Every day of the holy fasting month of Ramadan, the elders in almost every Sudanese village or neighborhood take their seats at the corner of the roads or the streets minutes before the iftar time.
They bring along with them all kinds of food and drinks prepared to break the fast.
But the meals are not prepared for the elders, but rather for people driving on the roads or walking in the streets at the time of Iftar.
"This trend is particularly clear in the state of Gezira, on the Khartoum-Medani national road, which links the states of Khartoum and Gezira" Siddig Abdel-Wahid, 73, told Anadolu Agency.
"We used to compel the motorists and the drivers of the traveling buses or lorries to stop and eat the evening breakfast with us by placing barriers on the road to stop the traffic a few minutes before the sunset, which is the breakfast time, so the travelers dismount and have breakfast with us."
Some of the participants of these collective Iftars are living far away from the road, but the distance does not constitute an obstacle to them.
They believe what they are doing to be part of their religious duties during the holy month Ramadan, citing a hadith by Prophet Muhammad (PBUH) that whoever feeds a fasting person, God will reward him the same reward of the fasting person.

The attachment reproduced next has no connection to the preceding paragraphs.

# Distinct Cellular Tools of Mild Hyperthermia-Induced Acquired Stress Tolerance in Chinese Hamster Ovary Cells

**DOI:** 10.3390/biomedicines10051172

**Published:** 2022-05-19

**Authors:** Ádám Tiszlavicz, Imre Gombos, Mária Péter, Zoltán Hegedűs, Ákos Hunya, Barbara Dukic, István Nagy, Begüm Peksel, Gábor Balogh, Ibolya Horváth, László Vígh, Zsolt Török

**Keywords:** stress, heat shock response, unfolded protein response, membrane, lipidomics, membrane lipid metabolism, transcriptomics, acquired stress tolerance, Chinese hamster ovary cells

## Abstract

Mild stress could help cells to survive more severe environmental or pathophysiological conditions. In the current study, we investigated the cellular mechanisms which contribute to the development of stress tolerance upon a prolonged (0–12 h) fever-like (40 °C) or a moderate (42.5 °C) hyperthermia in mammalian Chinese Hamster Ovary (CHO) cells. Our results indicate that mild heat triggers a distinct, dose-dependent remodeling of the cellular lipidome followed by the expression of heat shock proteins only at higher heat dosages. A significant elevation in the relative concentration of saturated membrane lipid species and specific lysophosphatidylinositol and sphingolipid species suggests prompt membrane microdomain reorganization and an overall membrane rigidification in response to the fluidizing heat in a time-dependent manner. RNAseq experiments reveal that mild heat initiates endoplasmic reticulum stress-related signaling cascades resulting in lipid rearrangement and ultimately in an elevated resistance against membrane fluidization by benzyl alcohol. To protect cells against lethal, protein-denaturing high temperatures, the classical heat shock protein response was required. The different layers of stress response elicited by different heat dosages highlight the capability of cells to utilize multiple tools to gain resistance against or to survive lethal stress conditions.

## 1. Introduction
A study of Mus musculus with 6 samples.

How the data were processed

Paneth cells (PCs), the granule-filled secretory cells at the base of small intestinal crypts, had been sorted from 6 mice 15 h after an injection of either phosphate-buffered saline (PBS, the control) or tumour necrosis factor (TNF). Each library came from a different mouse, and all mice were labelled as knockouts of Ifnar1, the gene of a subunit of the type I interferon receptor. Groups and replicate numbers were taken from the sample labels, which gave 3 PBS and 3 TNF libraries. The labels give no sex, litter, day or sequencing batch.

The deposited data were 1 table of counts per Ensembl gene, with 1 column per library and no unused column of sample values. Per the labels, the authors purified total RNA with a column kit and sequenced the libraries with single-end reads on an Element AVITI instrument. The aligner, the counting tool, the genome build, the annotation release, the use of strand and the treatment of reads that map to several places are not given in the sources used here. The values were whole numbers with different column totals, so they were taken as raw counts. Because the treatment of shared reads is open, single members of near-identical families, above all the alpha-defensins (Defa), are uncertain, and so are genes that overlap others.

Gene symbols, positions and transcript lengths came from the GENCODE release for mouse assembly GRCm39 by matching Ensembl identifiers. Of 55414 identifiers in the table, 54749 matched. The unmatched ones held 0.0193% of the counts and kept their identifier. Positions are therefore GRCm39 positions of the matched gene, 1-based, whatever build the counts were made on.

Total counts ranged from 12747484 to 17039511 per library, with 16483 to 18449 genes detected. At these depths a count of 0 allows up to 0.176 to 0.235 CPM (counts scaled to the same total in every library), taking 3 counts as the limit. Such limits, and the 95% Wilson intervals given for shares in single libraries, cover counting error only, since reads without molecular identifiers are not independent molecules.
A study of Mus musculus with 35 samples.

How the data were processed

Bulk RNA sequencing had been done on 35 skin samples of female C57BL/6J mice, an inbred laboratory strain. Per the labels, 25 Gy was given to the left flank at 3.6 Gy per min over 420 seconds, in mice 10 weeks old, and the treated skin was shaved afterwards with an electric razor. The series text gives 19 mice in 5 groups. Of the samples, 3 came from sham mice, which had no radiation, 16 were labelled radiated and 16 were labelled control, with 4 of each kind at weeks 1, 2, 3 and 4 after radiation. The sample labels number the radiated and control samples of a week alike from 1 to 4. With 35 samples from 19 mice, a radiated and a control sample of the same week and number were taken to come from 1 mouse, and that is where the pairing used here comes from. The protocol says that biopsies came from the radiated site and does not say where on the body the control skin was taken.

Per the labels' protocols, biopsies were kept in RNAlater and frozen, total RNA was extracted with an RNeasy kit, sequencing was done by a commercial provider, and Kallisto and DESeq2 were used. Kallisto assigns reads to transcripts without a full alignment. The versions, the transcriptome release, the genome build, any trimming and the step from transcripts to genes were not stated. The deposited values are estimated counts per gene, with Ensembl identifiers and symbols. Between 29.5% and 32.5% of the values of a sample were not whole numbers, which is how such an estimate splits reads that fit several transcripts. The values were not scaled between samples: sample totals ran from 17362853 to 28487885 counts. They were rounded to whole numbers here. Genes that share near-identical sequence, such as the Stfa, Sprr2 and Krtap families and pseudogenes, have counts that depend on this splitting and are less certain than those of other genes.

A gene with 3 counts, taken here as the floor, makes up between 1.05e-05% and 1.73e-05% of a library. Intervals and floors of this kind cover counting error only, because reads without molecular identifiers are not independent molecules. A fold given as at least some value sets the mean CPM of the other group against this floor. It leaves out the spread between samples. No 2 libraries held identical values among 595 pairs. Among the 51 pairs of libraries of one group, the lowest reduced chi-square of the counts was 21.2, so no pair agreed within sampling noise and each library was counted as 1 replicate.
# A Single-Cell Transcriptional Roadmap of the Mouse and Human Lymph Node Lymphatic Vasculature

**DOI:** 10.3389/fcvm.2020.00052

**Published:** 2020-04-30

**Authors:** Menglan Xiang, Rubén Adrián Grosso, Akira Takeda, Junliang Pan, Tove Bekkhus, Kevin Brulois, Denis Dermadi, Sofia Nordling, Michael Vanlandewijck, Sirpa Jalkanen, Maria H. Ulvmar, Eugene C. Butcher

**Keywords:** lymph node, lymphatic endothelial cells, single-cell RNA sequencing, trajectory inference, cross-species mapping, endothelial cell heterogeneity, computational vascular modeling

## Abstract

During Ramadan, Muslims abstain from eating, drinking or having sex from dawn to dusk.
Fasting Ramadan is one of the five pillars of Islam.
Siddig al-Raid, 45, carries his fast-breaking meal from his home to the Khartoum-Medani road, a kilometer away, every day.
He waits for passers-by or wayfarers to invite them to share the meal with him.
“My sons have been helping me in doing this for the past five years, and thanks God they are very happy in doing so," al-Raid told Anadolu Agency.
When asked what happens if a bus carrying many passengers stops at their iftar site, Siddig answered with a big smile on his face.
“That is what we wish for every day.”
He said they would prefer to break their fasting on only water and dates and offer their guests all the prepared food.
“We can drink and eat later, when we return home,” Siddig said.
“You know what is most important to us is to provide our guests with drinks and food because that is a kind of worship."